Council of Economic Advisers
An agency of the Executive Office of the President that is responsible for advising the president on the U.S. economy.
A person or group that has administrative and supervisory responsibilities in an organization or government.
Agreements between the United States and other nations, negotiated by the president, that have the same weight as a treaty but do not require senatorial approval.
Directives of the president that have the same weight as law and are not voted on by Congress.
EXECTIVE OFFICE OF THE PRESIDENT
The organizational structure in the executive branch that houses the president’s most influential advisors and agencies. The most important include the White House Office, the Office of Management and Budget (OMB), the National Security Council, and the Council of Economic Advisers.
A political strategy in which the president appeals to the public in an effort to persuade Congress to support his or her political goals.
A method of organizing the presidency that calls for clear lines of authority and that delegates responsibility from the president and through the chief of staff.
NATIONAL SECURITY COUNCIL
A group of presidential advisors made up of the vice president, the attorney general, and cabinet officers chosen by the president to advise the president on national security issues; it is part of the Executive Office of the President.
national security directive
A type of executive order with the force of law authorizing federal agencies or officials to take some action to protect national security.
OFFICE OF MANAGEMENT AND BUDGET
An agency of the Executive Office of the President that is responsible for assisting the president in creating the budget.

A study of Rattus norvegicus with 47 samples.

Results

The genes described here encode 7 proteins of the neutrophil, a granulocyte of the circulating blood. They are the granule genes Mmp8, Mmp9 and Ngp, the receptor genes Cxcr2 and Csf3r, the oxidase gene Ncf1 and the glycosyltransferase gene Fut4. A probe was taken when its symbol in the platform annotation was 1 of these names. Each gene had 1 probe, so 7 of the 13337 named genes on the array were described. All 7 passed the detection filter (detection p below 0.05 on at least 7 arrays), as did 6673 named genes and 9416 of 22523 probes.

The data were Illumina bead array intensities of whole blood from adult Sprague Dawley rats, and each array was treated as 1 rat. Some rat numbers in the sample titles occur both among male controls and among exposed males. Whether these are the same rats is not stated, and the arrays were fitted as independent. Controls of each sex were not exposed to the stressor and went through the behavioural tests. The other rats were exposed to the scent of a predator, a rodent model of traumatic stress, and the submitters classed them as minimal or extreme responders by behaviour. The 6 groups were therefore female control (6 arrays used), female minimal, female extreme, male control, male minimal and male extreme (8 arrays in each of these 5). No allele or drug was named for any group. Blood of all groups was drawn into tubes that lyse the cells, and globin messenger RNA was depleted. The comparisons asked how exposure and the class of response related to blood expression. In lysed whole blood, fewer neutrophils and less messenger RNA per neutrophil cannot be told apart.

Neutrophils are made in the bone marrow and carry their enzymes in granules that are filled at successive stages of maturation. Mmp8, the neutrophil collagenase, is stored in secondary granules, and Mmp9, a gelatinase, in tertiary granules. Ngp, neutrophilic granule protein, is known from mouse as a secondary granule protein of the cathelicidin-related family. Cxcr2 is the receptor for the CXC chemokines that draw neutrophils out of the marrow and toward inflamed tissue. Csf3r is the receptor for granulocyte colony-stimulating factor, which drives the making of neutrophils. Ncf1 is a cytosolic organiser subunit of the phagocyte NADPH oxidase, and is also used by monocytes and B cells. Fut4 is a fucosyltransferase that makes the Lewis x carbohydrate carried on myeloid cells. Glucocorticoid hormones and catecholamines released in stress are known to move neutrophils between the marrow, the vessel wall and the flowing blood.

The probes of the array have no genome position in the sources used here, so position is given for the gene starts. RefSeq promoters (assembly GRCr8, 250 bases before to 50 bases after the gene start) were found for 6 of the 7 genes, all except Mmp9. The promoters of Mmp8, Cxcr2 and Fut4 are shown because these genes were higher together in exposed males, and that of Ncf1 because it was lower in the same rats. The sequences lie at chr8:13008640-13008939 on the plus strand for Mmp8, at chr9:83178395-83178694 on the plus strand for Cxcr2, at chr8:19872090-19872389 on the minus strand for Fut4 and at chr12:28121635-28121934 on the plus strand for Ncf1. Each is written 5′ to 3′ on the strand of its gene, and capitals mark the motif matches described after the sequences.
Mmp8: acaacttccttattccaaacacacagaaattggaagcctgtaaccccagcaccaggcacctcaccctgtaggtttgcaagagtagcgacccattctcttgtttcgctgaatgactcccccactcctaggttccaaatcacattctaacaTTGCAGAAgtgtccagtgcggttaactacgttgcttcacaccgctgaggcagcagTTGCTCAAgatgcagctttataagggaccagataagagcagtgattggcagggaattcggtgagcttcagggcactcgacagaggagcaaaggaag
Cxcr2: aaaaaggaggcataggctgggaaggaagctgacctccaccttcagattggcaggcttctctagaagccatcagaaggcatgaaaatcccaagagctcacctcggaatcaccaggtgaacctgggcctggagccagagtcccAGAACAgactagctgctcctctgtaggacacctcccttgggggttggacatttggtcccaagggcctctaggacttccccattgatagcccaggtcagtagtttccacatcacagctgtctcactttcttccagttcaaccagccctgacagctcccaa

Situation in which policy positions (or ideology) within political parties become more homogeneous, and policy positions across the parties move farther apart.
The veto resulting from a president taking no action, before Congress adjourns, on legislation that has passed Congress
The idea that government should play a major role in preventing or dealing with the crises that face the nation.
prerogative view of presidential power
A view of presidential power, promoted by Abraham Lincoln, that argues that the president is required to preserve the Constitution and take actions to do so that otherwise might be unconstitutional
restrictive view of presidential POWER
A view of presidential power that argues that the president can exercise only those powers listed in the Constitution.
Pronouncements of how the president intends to interpret and apply a law when he signs a bill into law.
A method of organizing the presidency that calls for the president to be the center of activity, with numerous advisors reporting directly to the president.
A view of presidential power that states that the president is a steward of the people and should do anything the nation needs that is not prohibited by the Constitution.
A model of the presidency in which the powers of the executive office are significant and independent from Congress.
Presidential directives that carry the weight of law even though they have not been formally endorsed by Congress.
A model of the presidency in which the executive would have a limited term, would have no veto power, and would be allowed to exercise only the authority explicitly granted by Congress.
White House Office
A section of the Executive Office of the President that houses many of the most influential advisors to the president, including the chief of staff; the White House legal counsel; presidential speechwriters; the president’s press secretary; assistants for domestic, foreign, and economic policy; and liaisons with Congress, the public, and state and local governments.